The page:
James Niccolai | May 27, 2016
The jury found Google's use of Java was 'fair use'

But the jury didn't buy Oracle’s argument.

The outcome is a small victory for software developers, who were alarmed by an earlier decision in the case that application programming interfaces can be protected under U.S. copyright law.

Many developers had assumed APIs weren’t eligible for protection, viewing them as functional elements of software that are required to make two programs interoperate.

The earlier decision that APIs are protected still stands, meaning some developers may be wary of using another company’s APIs without permission. But the fact that Google’s fair use defense prevailed could make large vendors like Oracle think twice about bringing similar lawsuits in future.

The company stood by its allegations in a statement following the verdict.

"We strongly believe that Google developed Android by illegally copying core Java technology to rush into the mobile device market," Oracle counsel Daley said. "Oracle brought this lawsuit to put a stop to Google’s illegal behavior.”

In the trial, Oracle accused Google of infringing its copyright when it decided to use 37 Java application programming interfaces in its Android OS. Android has gone on to dominate the smartphone market, netting Google billions of dollars in profit.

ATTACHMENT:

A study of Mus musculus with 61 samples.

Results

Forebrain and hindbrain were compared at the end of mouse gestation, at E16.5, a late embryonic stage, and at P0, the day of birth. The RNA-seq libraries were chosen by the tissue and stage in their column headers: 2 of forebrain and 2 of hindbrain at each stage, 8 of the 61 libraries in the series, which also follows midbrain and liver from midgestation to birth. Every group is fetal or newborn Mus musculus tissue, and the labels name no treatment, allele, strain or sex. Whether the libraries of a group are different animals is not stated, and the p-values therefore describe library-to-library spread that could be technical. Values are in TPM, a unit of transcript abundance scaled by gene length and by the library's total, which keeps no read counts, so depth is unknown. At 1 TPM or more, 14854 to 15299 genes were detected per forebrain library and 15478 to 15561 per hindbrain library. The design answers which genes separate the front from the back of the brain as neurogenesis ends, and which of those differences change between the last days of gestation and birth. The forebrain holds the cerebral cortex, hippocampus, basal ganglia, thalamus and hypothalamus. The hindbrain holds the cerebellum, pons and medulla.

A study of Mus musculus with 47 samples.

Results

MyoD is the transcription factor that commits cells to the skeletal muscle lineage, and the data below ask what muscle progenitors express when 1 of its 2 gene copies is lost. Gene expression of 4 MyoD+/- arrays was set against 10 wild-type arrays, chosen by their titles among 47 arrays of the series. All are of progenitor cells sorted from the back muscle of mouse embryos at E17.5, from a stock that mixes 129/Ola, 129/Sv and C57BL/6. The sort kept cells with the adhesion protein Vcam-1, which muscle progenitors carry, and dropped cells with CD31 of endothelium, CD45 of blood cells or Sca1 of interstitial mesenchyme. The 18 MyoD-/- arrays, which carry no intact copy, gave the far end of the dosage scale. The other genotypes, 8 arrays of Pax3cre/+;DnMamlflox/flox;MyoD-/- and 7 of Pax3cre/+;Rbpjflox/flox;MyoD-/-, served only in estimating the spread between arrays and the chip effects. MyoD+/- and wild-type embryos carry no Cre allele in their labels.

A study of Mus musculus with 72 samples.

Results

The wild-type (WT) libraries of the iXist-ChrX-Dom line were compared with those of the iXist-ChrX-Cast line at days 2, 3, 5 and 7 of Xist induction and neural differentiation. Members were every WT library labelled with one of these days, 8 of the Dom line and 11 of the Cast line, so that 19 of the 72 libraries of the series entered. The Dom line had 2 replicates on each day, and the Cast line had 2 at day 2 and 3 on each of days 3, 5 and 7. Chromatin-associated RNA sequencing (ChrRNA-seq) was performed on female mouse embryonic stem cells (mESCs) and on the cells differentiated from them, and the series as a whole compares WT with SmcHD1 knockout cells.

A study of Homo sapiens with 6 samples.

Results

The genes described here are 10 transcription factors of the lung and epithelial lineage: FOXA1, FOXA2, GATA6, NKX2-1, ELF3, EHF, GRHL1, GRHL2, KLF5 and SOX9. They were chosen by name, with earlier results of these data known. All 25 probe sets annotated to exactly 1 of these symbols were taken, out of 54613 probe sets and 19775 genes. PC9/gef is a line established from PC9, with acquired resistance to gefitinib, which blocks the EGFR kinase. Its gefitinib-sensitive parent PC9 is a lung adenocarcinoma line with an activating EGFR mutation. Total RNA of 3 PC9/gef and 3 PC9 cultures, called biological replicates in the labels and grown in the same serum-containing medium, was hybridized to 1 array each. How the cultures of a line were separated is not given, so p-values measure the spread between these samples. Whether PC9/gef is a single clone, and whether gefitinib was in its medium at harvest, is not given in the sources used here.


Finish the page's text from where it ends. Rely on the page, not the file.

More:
Google originally argued that APIs like those in Java aren’t eligible for protection. The federal district court judge in the case agreed, but an appeals court overturned his ruling. Google asked the US Supreme Court to reconsider the matter, but it declined.

Google’s defense turned next to the legal doctrine of fair use, which allows copying of creative works under limited circumstances, most commonly for things like criticism, satire and educational use.

The jury had to consider four factors in deciding whether Google’s use was fair. They included whether its use of Java was “transformative,” or whether it created something new and different from the original copyright work, which in this case was Java Standard Edition.

They also had to consider the extent to which Android harmed Java in the marketplace. Google's lawyers argued that Sun never succeeded in the smartphone market because it never built a decent smartphone OS - not because of Android.

It's a civil case, which means Google had to prove by a "preponderance of the evidence" that its use of Java was fair. That's a lower burden than in a criminal trial, when Google would have had to prove its case "beyond reasonable doubt."

The jury was required to reach a unanimous decision. A previous trial over the same issue ended with a hung jury, so the case had to be retried. In the earlier case, a majority of jurors concluded Google's use of Java was fair.